The Divrei Torah in this section have been translated by Rav Reuven Ungar, Director of Alumni Affairs
Revealed and Concealed Components of Rabbinic Enactments- Part II
By: Rav Yechezkel Yakovson
A shiur from Rav Yechezkel Yakobson, Rosh Yeshivat Sha'alvim. This is a translation from an article that originally appeared in the HaMa'ayan publication.
Summary of Part I: A tradition exists from the Gra that Chazal did not list all of the reasons for their enactments and decrees. Frequently, Chazal express a halachic concern for an enactment, but conceal a wider, educational factor that generated the decree.
The opening Mishnah of Masechet Ketubot records the rabbinic requirement of a virgin to be wed on Wednesday evening. If the groom encounters doubts as to the virginity of his bride he will immediately approach the Jewish court of law (beit din) the next morning (beit din was in session on Monday and Thursday mornings).
At first glance, it is difficult to comprehend what is the benefit of such an enactment. Even if the bride was not a virgin, she would remain permitted to her husband, due to the existence of two doubts (sefek sfeka). 1. Perhaps the illicit union was non-consensual. 2. Even if it was consensual, perhaps the union transpired while the woman was single (before betrothal- erusin).
Rashi responds that (subsequent to the complaint of the groom in beit din) perhaps witnesses will testify that the bride willingly committed adultery while betrothed- thus forbidding her to the groom. Tosafat maintain that Chazal primarily designed this enactment for situations of one doubt (a wife of a kohen, who is forbidden even when violated against her will, or a women who was betrothed before the age of 3, where it is apparent that the illicit union transpired while she was already betrothed). As an aside (agav) to the cases of one doubt, Chazal extended the requirement to be wed on Wednesday evenings to all virgins.
Yet, both of these explanations apparently remain difficult. According to Rashi, if a double doubt is permitted, why did Chazal require us to create conditions that will encourage witnesses to testify? In reference to Tosafot, why should the majority of couples be obligated to wed on a specific evening to solve halachic concerns relating to the majority? In addition (as the Pnei Yehoshua points out, predicated upon the position of Rabeinu Yonah), even the women who are in the category of one doubt will be believed if they voice specific claims that explain their apparent lack of virginal status. Should 99% be subjugated to the concerns of a microscopic minority?! Furthermore, the gemara records that at a specific stage in history this enactment generated a tremendous violation of privacy amongst Jewish women. The nations required brides being wed on Wednesday evenings to engage in relations with the local chieftain. Chazal would not repeal the enactment, for the local decree was of a temporal nature. This is truly incomprehensible- in order to solve a narrow halachic concern that may occur amongst a fraction of young couples, all Jewish brides must suffer?!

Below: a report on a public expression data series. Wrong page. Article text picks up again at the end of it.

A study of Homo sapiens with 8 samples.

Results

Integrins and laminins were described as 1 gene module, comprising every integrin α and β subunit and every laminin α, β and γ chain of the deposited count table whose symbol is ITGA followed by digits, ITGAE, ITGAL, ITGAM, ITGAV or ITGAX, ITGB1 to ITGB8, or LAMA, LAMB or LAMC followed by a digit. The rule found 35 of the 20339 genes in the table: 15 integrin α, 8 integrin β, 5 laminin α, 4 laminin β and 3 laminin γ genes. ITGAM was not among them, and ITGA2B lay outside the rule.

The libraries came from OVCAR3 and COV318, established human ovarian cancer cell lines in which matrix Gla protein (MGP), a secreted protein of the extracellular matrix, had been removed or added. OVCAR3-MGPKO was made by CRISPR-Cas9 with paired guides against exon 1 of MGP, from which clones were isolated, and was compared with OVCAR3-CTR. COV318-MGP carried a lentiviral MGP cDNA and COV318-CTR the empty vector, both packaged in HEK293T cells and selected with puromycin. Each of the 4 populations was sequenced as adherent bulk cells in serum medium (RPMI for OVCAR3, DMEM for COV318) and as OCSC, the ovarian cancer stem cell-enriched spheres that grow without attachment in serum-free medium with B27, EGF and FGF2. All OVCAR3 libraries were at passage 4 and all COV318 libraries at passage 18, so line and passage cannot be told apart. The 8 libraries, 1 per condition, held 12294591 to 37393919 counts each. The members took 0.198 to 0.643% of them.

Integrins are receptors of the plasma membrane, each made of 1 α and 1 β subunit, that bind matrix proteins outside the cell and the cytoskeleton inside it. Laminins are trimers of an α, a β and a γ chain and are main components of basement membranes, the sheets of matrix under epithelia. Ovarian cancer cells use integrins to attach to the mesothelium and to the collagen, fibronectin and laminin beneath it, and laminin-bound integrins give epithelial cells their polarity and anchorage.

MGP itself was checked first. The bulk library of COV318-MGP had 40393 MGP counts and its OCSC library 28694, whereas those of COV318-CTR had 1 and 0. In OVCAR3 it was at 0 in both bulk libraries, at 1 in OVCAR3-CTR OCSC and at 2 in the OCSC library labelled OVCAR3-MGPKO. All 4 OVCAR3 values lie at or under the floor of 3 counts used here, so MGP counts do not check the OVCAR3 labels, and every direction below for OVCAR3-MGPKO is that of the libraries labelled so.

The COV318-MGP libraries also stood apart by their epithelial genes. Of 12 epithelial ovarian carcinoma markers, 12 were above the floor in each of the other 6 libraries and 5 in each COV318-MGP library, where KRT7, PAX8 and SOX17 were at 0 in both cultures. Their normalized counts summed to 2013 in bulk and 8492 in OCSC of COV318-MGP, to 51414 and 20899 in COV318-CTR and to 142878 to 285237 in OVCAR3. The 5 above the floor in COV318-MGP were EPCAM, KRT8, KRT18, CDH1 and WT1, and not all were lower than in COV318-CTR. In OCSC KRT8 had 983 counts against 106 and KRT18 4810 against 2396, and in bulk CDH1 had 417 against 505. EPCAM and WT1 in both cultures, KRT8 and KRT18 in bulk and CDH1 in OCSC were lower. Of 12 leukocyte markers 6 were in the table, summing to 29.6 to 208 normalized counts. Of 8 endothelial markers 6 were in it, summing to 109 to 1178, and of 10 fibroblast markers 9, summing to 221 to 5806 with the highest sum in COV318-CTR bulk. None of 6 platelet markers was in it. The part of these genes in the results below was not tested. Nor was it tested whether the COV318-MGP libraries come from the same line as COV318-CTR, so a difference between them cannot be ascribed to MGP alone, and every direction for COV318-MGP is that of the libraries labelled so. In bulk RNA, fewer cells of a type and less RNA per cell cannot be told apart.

It appears that the enactment to be wed on Wednesday evenings is primarily educational and designed to strengthen the institution of modesty (tzniut) in the Jewish People. All potential brides should be aware that beit din is in session on the morning subsequent to the marriage. This functioned as a deterrent for women from participating in illicit relations.
Likewise, this institution encouraged husbands to complain in beit din, if the need would arise. The terminology at the end of the Mishnah supports this thesis; all husbands (not only in cases of double doubt) were invited to air their claims if their was an apparent lack of modesty. Thus, the enactment of Chazal was designed to safeguard and strengthen the purity of the Jewish family.
The Rishonim endeavored to explain the rationale of the specific halachic issue that Chazal mentioned. Yet, the broad benefit of this enactment spanned far beyond the case(s) mentioned by the Rishonim. Thus, Chazal did not repeal their enactment even in the face of terrible external factors. For the local decrees were of a temporal nature, and the enactment of Chazal was designed to uphold the sanctified state of the Jewish home.
Be'ezrat Hashem, next weeks' installment will engage another enactment of Chazal and investigate the apparent and concealed reasons that generated it.